Can Stuntmen or Actors Sue for Injuries?

Stuntmen may have the most dangerous job on a film set, they risk life and limb to enhance the cinematic experience. Many safety precautions are made on sets, but there are always unknown components such as faulty equipment, human error and more that can contribute to horrific injuries for stuntmen and actors alike. Although they are aware of the risks involved, are stuntmen/actors able to sue when an injury occurs? Let’s take a look at what would need to be proved in order to have a case.

Negligence on Set

The definition of negligence is the failure to take proper care in doing something. A lawsuit would need to prove that the injuries sustained by a stuntman or actor was due to negligence on behalf of the film producers. This entails proving that the violation of a duty was the actual and proximate cause of his or her injuries. He or she will also have to prove duty, breach of duty, and damages. Unfortunately, this is not an easy task to do. If negligence is able to be proved, then your own actions will come into question. Some states will prohibit you from legal action if the induced harm was caused by your behavior as well, known as contributory negligence, but in California it will not automatically prohibit your claim.

In 2011, a lawsuit was brought against Warner Brothers by a stuntman injured while filming The Hangover II. According to the claim, the movie’s stunt coordinator made a last minute change to the sequence of a car crash, which resulted in an accident causing permanent physical injuries to the stuntman’s brain. It’s not known whether or not the studio compensated the employee, as the case was voluntarily dismissed.

In another lawsuit, filed against Paramount Pictures and Tom Cruises’ production company in 2006, a stuntman alleged negligence on behalf of the production company for a gasoline bomb explosion on set of Mission: Impossible III. The explosion caused the plaintiff to suffer burns to around 60 percent of his body. He sued for pain and suffering and his spouse sued for loss of consortium, meaning the injured person could not engage in marital relations any longer.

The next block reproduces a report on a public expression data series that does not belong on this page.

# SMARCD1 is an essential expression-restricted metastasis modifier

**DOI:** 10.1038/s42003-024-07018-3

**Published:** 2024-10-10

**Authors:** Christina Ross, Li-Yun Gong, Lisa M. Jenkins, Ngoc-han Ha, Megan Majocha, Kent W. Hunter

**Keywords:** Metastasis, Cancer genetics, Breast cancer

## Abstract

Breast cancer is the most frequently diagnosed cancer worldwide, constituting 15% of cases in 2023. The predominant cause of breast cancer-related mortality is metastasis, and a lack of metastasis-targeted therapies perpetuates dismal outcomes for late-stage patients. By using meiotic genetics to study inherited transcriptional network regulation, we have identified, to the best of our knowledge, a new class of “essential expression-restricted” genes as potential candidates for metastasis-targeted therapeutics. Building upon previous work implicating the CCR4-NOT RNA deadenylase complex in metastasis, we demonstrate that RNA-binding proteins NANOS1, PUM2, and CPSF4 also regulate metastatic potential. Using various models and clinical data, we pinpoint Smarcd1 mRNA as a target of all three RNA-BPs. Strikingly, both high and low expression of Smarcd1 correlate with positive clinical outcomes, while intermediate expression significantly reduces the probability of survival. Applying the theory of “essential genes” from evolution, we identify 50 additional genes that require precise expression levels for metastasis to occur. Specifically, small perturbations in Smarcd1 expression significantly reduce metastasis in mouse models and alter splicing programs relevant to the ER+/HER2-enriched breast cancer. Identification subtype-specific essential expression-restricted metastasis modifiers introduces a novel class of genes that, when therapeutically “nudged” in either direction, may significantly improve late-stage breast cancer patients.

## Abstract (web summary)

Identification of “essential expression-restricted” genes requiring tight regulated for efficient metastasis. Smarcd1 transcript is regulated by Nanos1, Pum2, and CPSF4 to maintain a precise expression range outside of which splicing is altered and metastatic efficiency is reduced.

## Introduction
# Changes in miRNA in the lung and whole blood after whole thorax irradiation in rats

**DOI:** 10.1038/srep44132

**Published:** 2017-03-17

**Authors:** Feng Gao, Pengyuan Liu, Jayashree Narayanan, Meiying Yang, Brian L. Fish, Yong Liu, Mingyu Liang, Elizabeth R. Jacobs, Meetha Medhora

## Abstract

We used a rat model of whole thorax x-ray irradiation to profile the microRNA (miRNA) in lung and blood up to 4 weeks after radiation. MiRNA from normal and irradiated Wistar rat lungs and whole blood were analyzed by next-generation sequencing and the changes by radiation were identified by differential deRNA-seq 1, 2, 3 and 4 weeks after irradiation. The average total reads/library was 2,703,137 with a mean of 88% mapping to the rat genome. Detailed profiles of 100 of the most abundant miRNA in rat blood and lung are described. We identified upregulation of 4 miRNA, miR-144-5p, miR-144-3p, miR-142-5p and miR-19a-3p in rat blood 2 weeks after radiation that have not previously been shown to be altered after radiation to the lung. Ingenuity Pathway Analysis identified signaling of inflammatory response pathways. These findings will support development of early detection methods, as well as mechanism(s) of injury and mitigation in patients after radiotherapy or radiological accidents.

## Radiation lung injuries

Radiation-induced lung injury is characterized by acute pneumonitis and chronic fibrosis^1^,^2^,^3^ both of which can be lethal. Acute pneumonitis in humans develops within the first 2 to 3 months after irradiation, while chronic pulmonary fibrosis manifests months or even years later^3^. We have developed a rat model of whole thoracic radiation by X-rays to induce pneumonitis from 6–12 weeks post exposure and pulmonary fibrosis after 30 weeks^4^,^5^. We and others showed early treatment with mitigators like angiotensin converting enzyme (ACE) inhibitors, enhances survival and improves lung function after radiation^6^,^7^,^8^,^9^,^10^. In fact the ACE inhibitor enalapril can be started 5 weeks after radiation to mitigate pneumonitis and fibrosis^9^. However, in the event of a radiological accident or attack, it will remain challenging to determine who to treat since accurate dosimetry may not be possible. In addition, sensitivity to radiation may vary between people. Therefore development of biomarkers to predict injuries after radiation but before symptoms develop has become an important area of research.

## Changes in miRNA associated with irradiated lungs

Affirmative Defenses for Studios

The defendants (the studios) in these lawsuits can then deny liability by having the option to raise an affirmative defense. Meaning that they explain why the alleged negligence is actually a justified action. An example of this type of defense is the assumption of risk, in which the defendant attempts to show that the plaintiff (stuntman) voluntarily and knowingly understood the risks of the dangerous activity in which he or she was participating in at the time of his or her injury so they cannot be held liable.

The burden of proof falls on the defendant in the case of affirmative defense so they will have to prove that the plaintiff was aware of the risks involved.

In contrast, the plaintiff may counter with the fact that there was a last minute modification, such as the sequence change in the Hangover II lawsuit. The likelihood of success for the plaintiff is minimal as the immense risks involved in a stuntman’s career are a known fact.

If You Have Been Injured

Fully protect and maximize your chances for receiving compensation by hiring an experienced personal injury attorney at Arash Law. For a free consultation, contact us today so we may give you sound legal advice and guidance.